Tuesday, April 1, 2014

When the settlers arrived to what would become America, they brought along European herbal medicines they knew and trusted. But soon, out of necessity, they had to learn about native medicinal plants. One of those herbs, already known by the native American Indians, was a woodland plant called goldenseal (Hydrastic Canadensis L.)

Goldenseal (public doman)
Many Indian tribes used goldenseal. The Iroquois decocted the root to use for sour stomach, flatulence, pneumonia, fever, liver disease, and diarrhea. They combined it with whiskey for heart trouble. The Cherokee mixed the root powder with bear grease as insect repellent. They also used it as a wash for local inflammation. In decoctions, they used it for syspepsia and general debility. The Kickapoo Indians also used a cold water infusion of goldenseal for irritated eyes caused by autumn prairie fires. The Catawbas boiled the roots for stomach problems, colds and jaundice. Dye made from the bright yellow rhizome was used a dye for clothing and weapons.

Goldenseal was considered by doctors to be an official drug plant in the United State from 1830 to 1955. The plant contains the alkaloids berberin, canadine and hydrastine. Those are believed to be responsible for the plant’s medicinal properties.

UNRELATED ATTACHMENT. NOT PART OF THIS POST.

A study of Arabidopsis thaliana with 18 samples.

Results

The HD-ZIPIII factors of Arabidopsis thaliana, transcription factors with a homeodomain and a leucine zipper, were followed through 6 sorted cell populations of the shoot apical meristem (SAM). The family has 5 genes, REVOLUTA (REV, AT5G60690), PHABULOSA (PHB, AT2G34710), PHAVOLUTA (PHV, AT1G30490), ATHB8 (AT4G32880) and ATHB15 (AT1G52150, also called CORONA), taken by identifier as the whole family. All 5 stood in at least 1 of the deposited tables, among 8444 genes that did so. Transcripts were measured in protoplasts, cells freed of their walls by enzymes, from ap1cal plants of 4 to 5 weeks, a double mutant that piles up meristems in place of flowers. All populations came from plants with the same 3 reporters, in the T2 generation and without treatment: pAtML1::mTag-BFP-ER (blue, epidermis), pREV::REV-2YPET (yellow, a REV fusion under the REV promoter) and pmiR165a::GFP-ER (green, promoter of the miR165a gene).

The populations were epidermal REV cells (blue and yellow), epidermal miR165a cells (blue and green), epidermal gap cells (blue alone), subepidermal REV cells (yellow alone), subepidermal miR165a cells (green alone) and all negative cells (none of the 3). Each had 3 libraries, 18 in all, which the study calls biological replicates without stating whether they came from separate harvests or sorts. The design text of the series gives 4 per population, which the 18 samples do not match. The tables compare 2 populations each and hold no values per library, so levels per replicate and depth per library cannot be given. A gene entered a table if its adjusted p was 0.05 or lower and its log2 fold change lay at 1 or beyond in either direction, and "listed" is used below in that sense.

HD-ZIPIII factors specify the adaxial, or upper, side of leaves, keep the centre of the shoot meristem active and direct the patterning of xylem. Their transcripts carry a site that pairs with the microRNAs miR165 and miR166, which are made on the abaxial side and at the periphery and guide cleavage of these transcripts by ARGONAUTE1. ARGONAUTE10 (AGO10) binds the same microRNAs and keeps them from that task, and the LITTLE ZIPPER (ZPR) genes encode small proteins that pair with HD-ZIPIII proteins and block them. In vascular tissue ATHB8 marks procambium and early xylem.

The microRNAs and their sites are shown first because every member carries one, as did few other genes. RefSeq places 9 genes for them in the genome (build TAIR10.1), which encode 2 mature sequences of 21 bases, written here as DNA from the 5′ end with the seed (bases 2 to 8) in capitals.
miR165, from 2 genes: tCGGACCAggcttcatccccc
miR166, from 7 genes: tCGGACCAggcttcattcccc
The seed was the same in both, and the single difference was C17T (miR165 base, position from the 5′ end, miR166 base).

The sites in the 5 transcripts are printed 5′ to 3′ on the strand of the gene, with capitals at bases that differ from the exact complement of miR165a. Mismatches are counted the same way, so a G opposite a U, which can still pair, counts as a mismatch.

Modern herbalists consider goldenseal an alterative (something to restore normal health), anti-catarrhal (preventing the formation of mucus and inflammation of mucus membranes), antiseptic, astringent, laxative, and a bitter tonic. It’s recommended for gastritis, duodenal ulcers, liver disease, colitis, and loss of appetite. It’s also used for upper respiratory infections, GI disorders, liver disease, cancer, urinary tract infections, menorrhagia (heavy bleeding during a period) and dysmenorrhea (painful periods). In addition, goldenseal is an ingredient in many topical herbal products, including those for sore gums, skin rashes, ulcers, wounds, and infections, itching, acne, dandruff, ringworm, and herpes. It is a component of herbal products for eye infections and inflammations (remember the Indians used it for that?). Goldenseal is very bitter, and bitters in herbal medicine stimulate the appetite, aid digestion, and stimulate bile secretion.

It seems that goldenseal is a miracle herb although there isn’t enough scientific evidence to determine whether or not it is truly effective. But the fact that it was used medicinally for so many years probably indicates it does have some value. 

1 comment :

  1. Fascinating article! Goldenseal is one of my favorite go-to herbs for stubborn things that won't respond to anything else! From one mother's practical standpoint, it's a great natural antibiotic, especially for wounds and infections. The only problem with modern-day applications is that it has been over-harvested in the wild, doesn't grow well cultivated, and so has become really expensive and difficult to find.